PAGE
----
Impact factor: 3.857

ISSN Print: 1040-8401
ISSN Online: 2162-6472

Critical Reviews™ in Immunology

DOI: 10.1615/CritRevImmunol.v30.i2.60
pages 189-199

Induction of Th17 Cellular Immunity With a Novel Nanoemulsion Adjuvant

Anna U. Bielinska
University of Michigan Nanotechnology Institute for Medicine and Biological Sciences and Department of Internal Medicine, Ann Arbor, Michigan
Michele Gerber
University of Michigan Nanotechnology Institute for Medicine and Biological Sciences and Department of Internal Medicine, Ann Arbor, Michigan
Luz P. Blanco
University of Michigan Nanotechnology Institute for Medicine and Biological Sciences and Department of Internal Medicine, Ann Arbor, Michigan
Paul E. Makidon
University of Michigan Nanotechnology Institute for Medicine and Biological Sciences and Department of Internal Medicine, Ann Arbor, Michigan
Katarzyna W. Janczak
University of Michigan Nanotechnology Institute for Medicine and Biological Sciences and Department of Internal Medicine, Ann Arbor, Michigan
Michael Beer
University of Michigan Nanotechnology Institute for Medicine and Biological Sciences and Department of Internal Medicine, Ann Arbor, Michigan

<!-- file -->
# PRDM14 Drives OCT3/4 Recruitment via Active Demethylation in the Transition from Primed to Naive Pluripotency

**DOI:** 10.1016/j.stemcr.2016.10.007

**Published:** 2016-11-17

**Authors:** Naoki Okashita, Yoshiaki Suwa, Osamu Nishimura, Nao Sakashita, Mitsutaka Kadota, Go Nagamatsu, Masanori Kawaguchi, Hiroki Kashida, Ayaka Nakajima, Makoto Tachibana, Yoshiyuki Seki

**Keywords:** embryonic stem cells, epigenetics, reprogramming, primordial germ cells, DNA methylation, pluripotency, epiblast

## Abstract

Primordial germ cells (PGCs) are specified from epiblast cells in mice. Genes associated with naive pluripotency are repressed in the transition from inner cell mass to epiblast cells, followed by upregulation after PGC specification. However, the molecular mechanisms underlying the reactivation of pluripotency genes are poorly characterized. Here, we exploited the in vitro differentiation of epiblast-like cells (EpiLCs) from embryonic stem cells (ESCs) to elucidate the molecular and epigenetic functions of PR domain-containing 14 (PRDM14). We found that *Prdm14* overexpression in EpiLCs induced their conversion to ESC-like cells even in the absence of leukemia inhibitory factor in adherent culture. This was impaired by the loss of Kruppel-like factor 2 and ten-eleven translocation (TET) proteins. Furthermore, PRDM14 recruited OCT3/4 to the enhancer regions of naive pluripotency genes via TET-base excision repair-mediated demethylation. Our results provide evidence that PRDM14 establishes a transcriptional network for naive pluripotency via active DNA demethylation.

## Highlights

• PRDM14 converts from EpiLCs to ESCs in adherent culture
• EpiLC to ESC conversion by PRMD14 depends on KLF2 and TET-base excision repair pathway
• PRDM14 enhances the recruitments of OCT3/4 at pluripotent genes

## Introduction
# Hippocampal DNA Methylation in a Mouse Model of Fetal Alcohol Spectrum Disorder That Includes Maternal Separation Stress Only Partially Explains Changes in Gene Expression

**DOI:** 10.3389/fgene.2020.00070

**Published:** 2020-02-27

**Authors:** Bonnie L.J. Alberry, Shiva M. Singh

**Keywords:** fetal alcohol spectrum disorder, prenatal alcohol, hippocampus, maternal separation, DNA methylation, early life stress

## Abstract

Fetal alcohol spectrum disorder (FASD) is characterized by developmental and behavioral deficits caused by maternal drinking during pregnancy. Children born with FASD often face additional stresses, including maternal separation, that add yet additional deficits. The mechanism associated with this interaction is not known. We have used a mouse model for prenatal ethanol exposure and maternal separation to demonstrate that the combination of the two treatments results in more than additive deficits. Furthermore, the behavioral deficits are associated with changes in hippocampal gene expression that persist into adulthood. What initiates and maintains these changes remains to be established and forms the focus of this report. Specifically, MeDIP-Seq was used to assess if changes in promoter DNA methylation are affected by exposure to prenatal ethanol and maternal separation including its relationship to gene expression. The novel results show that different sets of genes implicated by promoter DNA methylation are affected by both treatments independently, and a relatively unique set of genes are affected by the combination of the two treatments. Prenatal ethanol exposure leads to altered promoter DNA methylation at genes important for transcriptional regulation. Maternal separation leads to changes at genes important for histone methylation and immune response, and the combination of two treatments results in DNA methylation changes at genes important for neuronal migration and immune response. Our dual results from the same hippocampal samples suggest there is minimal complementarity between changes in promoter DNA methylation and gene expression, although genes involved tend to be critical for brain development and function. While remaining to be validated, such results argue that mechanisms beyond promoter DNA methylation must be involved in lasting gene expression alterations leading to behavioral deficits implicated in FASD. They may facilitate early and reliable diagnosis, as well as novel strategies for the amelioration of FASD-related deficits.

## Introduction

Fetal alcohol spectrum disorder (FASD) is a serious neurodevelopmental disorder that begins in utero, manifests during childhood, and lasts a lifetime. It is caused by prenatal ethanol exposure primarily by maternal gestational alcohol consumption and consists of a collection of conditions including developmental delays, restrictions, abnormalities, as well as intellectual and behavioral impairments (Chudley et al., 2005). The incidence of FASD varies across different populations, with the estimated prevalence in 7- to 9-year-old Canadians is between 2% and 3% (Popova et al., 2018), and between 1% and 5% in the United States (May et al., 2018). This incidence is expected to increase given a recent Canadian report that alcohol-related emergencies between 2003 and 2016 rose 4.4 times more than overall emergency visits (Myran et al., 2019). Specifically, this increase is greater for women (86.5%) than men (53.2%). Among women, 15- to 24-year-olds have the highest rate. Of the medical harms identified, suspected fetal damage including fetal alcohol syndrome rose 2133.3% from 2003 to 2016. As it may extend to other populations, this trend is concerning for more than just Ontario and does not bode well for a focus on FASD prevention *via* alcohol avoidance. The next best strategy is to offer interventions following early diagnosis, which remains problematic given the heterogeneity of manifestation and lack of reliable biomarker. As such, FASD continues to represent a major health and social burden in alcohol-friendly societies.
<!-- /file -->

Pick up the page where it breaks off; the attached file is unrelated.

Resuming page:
Benjamin Swanson
University of Michigan Nanotechnology Institute for Medicine and Biological Sciences and Department of Internal Medicine, Ann Arbor, Michigan
James R. Baker, Jr.
University of Michigan Nanotechnology Institute for Medicine and Biological Sciences and Department of Internal Medicine, Ann Arbor, Michigan

ABSTRACT

T17 (T-helper-17) cytokine responses have been recently recognized as an important component for the protective immunity produced by vaccination. However, the mechanism by which immune adjuvants induce T17 immunity has not been defined. We have developed a novel mucosal nanoemulsion (NE) adjuvant that produces a robust humoral and T1 cellular immunity. Herein, we demonstrate that immunization with NE adjuvant induces a T17 response to diverse antigens in both outbred and inbred mice. CD86 deficiency had a limited effect on the induction of IL-17, however, double CD80/CD86, CD40, and IL-6 (interleukin 6) mutant mice failed to produce T17 immunity in response to NE adjuvant. Mice deficient in TLR2 and TLR4 (Toll-like receptors 2 and 4) had a diminished IL-17 response. Our data indicate that nasal mucosal immunization with NE adjuvant produces T1 and T17 immunity; that this process requires IL-6, CD40, and at least one of the CD80/CD86 molecules; and that the induction of TH17 is enhanced by the presence of TLR2 and TLR4 receptors. This unique approach to vaccination may have a significant role in protection against mucosal and intracellular pathogens.